Originally Posted by MarkJ
My thoughts are the prudent navigator should NOT be using paper charts at all.
They are a historical thing used in the past. They are neither updated, nor correct. They are stupidly slow to use even by an expert navigator compared to electronic charts and a chart plotter.
I think they will be illegal within a few years in any area that has modern electronic charting.
If someone ran over my boat killing crew and said they were using paper charts I would sue their butt off.
Very sorry to say it, but this is either a spoof or one of the most ill-considered commentaries in a whole thread full of inaccuracies and technical omissions. More emotion here than careful thought, based on knowledge, skills, and experience.
One hardly knows were to begin.
Paper Charts, and Electronic Charts (Raster and Vector)
In almost 40 posts, no one has bothered to differentiate between raster
electronic charts and vector
electronic charts. The former are EXACT replicas of paper charts -- they're just snapshots of the real paper charts, and are available free of charge from NOAA. They are regularly updated by NOAA.
The latter, vector charts
, are a different thing altogether. These are what is found on chartplotters and are compiled by different entities. While there are some advantages to vector charts (smaller file size, overlay control, etc.), there are also some significant drawbacks. And, you cannot assume that they have the same accuracy as paper charts or their snapshot electronic charts, the raster charts. Some do, some don't. Vector charts must be digitized, and the quality of digitization varies considerably. Vector charts often do not contain much of the shore-based information contained in paper or raster charts. Even those from a single
source, e.g., NOAA can differ. NOAA actually maintains two libraries of electronic charts: raster and vector, and strives mightily to ensure that each is as accurate as can be. Not all providers are as diligent.
The term "GPS charts" has been used several times in this thread. There is no such thing. Chartmakers use a number of georeferencing aids, including GPS, where possible. But funds needed for up-to-date surveys are very limited and, as has been noted, some areas haven't been surveyed in many years.
By default, most GPS units use WGS-84 for their base datum. Many include the option to choose other datums, where needed. Charts all have to be referenced to some underlying datum. These days, almost all charts in the U.S. use WGS-84 also.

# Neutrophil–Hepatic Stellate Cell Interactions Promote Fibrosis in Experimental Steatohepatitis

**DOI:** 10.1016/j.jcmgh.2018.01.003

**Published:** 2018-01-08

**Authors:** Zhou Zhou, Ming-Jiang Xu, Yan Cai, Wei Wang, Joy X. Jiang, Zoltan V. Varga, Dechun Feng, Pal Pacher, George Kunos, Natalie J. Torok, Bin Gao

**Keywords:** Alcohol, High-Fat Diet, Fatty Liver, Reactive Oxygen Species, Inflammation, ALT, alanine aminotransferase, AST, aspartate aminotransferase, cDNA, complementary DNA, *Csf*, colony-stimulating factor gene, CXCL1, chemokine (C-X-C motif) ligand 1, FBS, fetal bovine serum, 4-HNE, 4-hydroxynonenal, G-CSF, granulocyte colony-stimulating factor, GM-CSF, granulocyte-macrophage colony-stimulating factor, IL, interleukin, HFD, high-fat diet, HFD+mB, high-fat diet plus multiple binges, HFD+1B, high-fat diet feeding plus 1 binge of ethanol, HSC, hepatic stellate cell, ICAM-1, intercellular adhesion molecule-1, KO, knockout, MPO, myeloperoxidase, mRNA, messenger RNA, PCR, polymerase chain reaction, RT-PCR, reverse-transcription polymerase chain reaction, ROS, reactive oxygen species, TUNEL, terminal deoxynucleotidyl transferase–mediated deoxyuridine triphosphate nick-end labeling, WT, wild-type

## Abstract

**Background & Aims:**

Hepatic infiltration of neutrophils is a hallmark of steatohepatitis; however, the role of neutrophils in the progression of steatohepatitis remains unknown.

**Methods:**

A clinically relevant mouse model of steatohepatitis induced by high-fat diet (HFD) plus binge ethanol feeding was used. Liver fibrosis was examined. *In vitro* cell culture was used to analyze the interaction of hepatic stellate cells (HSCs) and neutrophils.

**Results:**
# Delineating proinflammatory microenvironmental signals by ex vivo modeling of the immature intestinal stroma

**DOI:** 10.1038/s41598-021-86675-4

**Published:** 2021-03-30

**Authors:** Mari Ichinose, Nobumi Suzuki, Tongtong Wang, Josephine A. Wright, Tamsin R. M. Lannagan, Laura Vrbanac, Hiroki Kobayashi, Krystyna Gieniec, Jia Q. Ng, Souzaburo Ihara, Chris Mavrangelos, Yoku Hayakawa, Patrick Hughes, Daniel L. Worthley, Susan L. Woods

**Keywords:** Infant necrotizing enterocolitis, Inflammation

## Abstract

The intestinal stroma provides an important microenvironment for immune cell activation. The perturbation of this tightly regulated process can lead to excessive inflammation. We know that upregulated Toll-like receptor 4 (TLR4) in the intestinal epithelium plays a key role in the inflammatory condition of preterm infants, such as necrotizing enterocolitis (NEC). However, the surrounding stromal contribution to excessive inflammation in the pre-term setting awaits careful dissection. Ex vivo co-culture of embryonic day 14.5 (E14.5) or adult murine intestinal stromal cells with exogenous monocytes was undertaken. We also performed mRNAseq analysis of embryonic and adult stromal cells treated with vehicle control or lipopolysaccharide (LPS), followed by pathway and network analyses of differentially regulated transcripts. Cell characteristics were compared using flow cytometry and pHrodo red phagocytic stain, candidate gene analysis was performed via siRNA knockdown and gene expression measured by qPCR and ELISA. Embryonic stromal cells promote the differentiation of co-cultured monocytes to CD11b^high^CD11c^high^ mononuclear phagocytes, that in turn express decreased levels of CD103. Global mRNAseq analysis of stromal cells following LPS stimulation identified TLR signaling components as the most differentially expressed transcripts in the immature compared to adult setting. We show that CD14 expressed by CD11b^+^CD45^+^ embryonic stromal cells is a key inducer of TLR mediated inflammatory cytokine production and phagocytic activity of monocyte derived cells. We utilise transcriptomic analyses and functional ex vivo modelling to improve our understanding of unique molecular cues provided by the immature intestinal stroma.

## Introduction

Not understanding this business of datums can lead to grief, especially outside the U.S. I once witnessed the loss of a 70' custom sloop
in the British Virgin Islands
due to the failure of it's professional crew to pay attention to the difference between the GPS datum they were using and the datum of the chart they were using at the time.
Accuracy of Plotted Features on a Chart
Even assuming that the paper (or raster) chart is based on the same datum as the GPS in use -- say WGS84 -- you can't be absolutely sure that the GPS-plotted position on the chart corresponds to reality. There are lots of errors in charts used worldwide, some small, but some involving large differences beween plotted position and actual position. Many sailors in Baja
have found wide discrepancies, as have sailors in the Windward Islands
and in the Pacific.
That said, I've found U.S. raster charts and paper charts to be extremely accurate.
The plotted buoys, channel markers, etc. on any chart -- paper, raster or vector -- may be innacurate due to incorrect geolocation or, more likely, to the aid having been moved intentionally or not.
Additionally, there may be new nav aids and/or obstructions which are not shown on the chart -- paper or electronic. No matter how often they are "updated", it's impossible to keep up with all changes.
All These Innacuracies -- What to Do?
The prudent navigator will use everything available to ensure safe passage
. This includes the Mark I eyeball -- the most important nav aid there is -- assisted by charts, compass
, fathometer, GPS, radar
, and other means as indicated. He/she will NOT rely 100% on electronic means, or on any other single source. To do so is the mark of an inexperienced and foolish navigator.
In the past few years there have been numerous tragic wrecks involving loss of vessel and loss of life due to incredibly stupid navigational errors. Two sailing vessels have actually run up on the north seawall at the entrance to Charleston, SC. This long seawall is well marked, and the Charleston shipping
channel is wide and well buoyed. Furthermore, it is deep
, and anyone paying attention to the fathometer would know they'd strayed from the channel long before it would be possible to hit the seawall.
I apologize for the long post, and hope I haven't offended anyone. But navigation is a serious matter and there's an awful lot of bum information out there.